A reminder to all "Abandon Text!" readers: if you're not reading the comments, you're missing half the fun. (Maybe even two-thirds of the fun, since Kenny can usually say twice as much as I do in half the space.)
In response to my critique of Felder's Wager (a philosophy I myself believe in and practice, I should remind everyone), Kenny writes:
Imagine that you see a rock, teetering on the edge of a cliff. There is no one below the cliff, who might be hit. There is, in fact, no one around but you. It's not a particularly big rock, not part of any structure, etc. So you can go put the rock back on the cliff in a more stable place, or you can throw it off the side of the cliff, or you can just leave the whole thing alone. Here is my question: do you have any moral or ethical reason to do any of the above?
Well, sure you do, if you imagine that the rock is trying to launch itself off the cliff. That's what it looks like, when you look at it that way: like Tantalus, it keeps straining for the edge, but can't quite get there. Life is probably a lot better down at the bottom of the cliff, it reasons. So you really ought to help it out and give it a toss.
But of course, all that is completely fanciful. Really, the rock doesn't care one way or the other. You get no ethical high marks, or demerits either, no matter what you do.
And here's the point of this unnecessarily-lengthy analogy. In a purely material world, everything and everyone is just like that rock. A small child is "trying" to get some food? Not really, that's just a fanciful way of putting it. What's really happening is a complex series of mechanical, electrical, and chemical reactions that all lead the child to move its legs, hold out its arms, and act for all the world as if it really matters if it gets the food. Those physical events are the whole story: anything else we add to them is self-indulgent anthropomorphism. Maybe the child gets the food and lives, maybe it doesn't and dies, and as Dr. Manhattan says, a dead body contains roughly the same number of molecules as a living one, so what's the diff?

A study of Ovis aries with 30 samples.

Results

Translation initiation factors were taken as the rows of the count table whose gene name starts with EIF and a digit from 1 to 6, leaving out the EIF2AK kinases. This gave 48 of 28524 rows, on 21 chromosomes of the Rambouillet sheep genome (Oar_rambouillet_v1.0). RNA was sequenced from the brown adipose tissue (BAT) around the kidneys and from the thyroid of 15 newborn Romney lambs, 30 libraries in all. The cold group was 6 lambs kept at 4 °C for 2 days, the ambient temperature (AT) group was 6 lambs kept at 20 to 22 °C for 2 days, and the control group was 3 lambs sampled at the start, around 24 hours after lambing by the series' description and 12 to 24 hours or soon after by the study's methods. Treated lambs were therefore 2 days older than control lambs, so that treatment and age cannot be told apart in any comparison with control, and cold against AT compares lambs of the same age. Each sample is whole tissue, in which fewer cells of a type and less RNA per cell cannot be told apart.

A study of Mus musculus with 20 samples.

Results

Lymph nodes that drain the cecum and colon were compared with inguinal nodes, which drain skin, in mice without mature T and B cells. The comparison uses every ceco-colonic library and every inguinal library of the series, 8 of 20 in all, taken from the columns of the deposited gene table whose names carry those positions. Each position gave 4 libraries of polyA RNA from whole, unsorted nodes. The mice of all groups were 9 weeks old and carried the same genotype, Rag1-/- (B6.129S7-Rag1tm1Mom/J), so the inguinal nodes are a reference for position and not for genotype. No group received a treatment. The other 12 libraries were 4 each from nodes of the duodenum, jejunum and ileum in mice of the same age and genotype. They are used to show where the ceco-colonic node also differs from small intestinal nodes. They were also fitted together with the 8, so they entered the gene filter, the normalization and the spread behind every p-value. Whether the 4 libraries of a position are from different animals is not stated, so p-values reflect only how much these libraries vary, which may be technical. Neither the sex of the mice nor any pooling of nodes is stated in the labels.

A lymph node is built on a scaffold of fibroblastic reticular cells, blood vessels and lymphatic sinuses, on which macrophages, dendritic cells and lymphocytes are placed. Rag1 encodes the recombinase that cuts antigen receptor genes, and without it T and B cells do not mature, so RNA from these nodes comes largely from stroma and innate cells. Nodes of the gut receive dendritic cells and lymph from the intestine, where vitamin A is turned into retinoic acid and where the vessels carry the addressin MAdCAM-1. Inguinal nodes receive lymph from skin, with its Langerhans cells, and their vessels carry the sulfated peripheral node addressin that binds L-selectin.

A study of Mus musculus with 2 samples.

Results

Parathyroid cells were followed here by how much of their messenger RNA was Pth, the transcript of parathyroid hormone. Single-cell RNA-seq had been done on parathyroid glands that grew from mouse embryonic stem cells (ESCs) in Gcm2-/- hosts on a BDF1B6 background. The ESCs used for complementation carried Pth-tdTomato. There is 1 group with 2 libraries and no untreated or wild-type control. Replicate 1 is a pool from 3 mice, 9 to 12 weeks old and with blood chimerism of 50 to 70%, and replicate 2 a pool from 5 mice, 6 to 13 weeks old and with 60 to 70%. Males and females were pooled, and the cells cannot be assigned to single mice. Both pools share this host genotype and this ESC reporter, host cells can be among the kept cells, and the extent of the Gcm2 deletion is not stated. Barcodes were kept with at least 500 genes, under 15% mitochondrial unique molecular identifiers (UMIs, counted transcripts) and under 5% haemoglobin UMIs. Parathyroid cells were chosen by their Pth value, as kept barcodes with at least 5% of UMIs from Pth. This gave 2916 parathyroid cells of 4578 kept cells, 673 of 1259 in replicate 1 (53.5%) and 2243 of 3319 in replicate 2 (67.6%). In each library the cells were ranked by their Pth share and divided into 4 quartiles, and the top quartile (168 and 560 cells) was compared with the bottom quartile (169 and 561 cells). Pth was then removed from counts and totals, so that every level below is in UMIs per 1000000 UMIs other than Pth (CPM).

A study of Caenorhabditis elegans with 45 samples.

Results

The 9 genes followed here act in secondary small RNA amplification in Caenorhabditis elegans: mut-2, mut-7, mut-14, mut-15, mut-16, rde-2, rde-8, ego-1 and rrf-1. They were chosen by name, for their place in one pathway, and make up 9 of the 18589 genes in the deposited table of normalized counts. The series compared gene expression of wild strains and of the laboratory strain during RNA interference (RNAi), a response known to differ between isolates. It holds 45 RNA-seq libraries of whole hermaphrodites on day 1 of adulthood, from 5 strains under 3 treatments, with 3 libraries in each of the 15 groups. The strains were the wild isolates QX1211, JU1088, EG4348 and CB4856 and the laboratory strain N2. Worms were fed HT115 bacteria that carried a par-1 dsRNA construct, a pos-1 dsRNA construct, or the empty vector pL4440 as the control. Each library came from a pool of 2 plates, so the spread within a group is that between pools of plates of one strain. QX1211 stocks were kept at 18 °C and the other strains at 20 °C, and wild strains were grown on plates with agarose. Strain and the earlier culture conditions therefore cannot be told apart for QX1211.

If nothing matters, then nothing matters.
Ok, this is good, because we've teased out something that wasn't in the original description of Felder's Wager. Let's break out the argument into pieces:
Meaning and morality are related and tied together. In order for life to be meaningful, it must somehow conform to a moral order, a way things ought to be. Meaning derives from the degree to which a life makes the universe more like it ought to be (or at least tries to).
Morality requires people. It's not enough that something happens (e.g. a rock falling off a cliff); there has to be someone who intends to do something that affects someone else (e.g. a Red Cross volunteer gives food to an earthquake victim in Haiti) to aid or thwart their desires. Philosophers would call that someone – an entity that has desires and acts with intention to fulfill those desires -- an agent. So, morality requires agency.
Agency is not possible in a totally material world. There is no agent at work in a materialist's brain, just pieces of matter bouncing into each other.
If there is no agency in a totally material world, then there is no morality, and therefore no meaning. Therefore, a totally material world is a meaningless world.
This argument has some problems.
One of the things we were trying to prove or disprove is whether consciousness, awareness, and/or agency -- whatever it is that we think is essential to personhood – can arise from purely physical computational processes or not. But Step #3 of the argument above takes it as a given that agency cannot arise from purely physical means. So, it's trying to use its conclusion as one of its premises. It's begging the question.
As I've understood Kenny's arguments so far, the experiential, phenomenological, direct evidence from meditation is that consciousness is NOT thoughts, NOT feelings, NOT desires. Those are all perceived as mechanical processes that happen on their own, and that a person's true identity is the observer of those thoughts, feelings, and desires. That would suggest that agency IS possible in a purely physical world. Moreover, even if you succeed in the spiritual enterprise of demonstrating awareness is non-material, you have demonstrated that awareness has nothing whatsoever to do with the process of agency, which was supposedly the basis of morality and meaning. So, instead of being a physical body stuck in a meaningless mechanical universe -- congratulations! -- you're now a non-material ghost stuck in an equally meaningless mechanical universe. How exactly is that any better?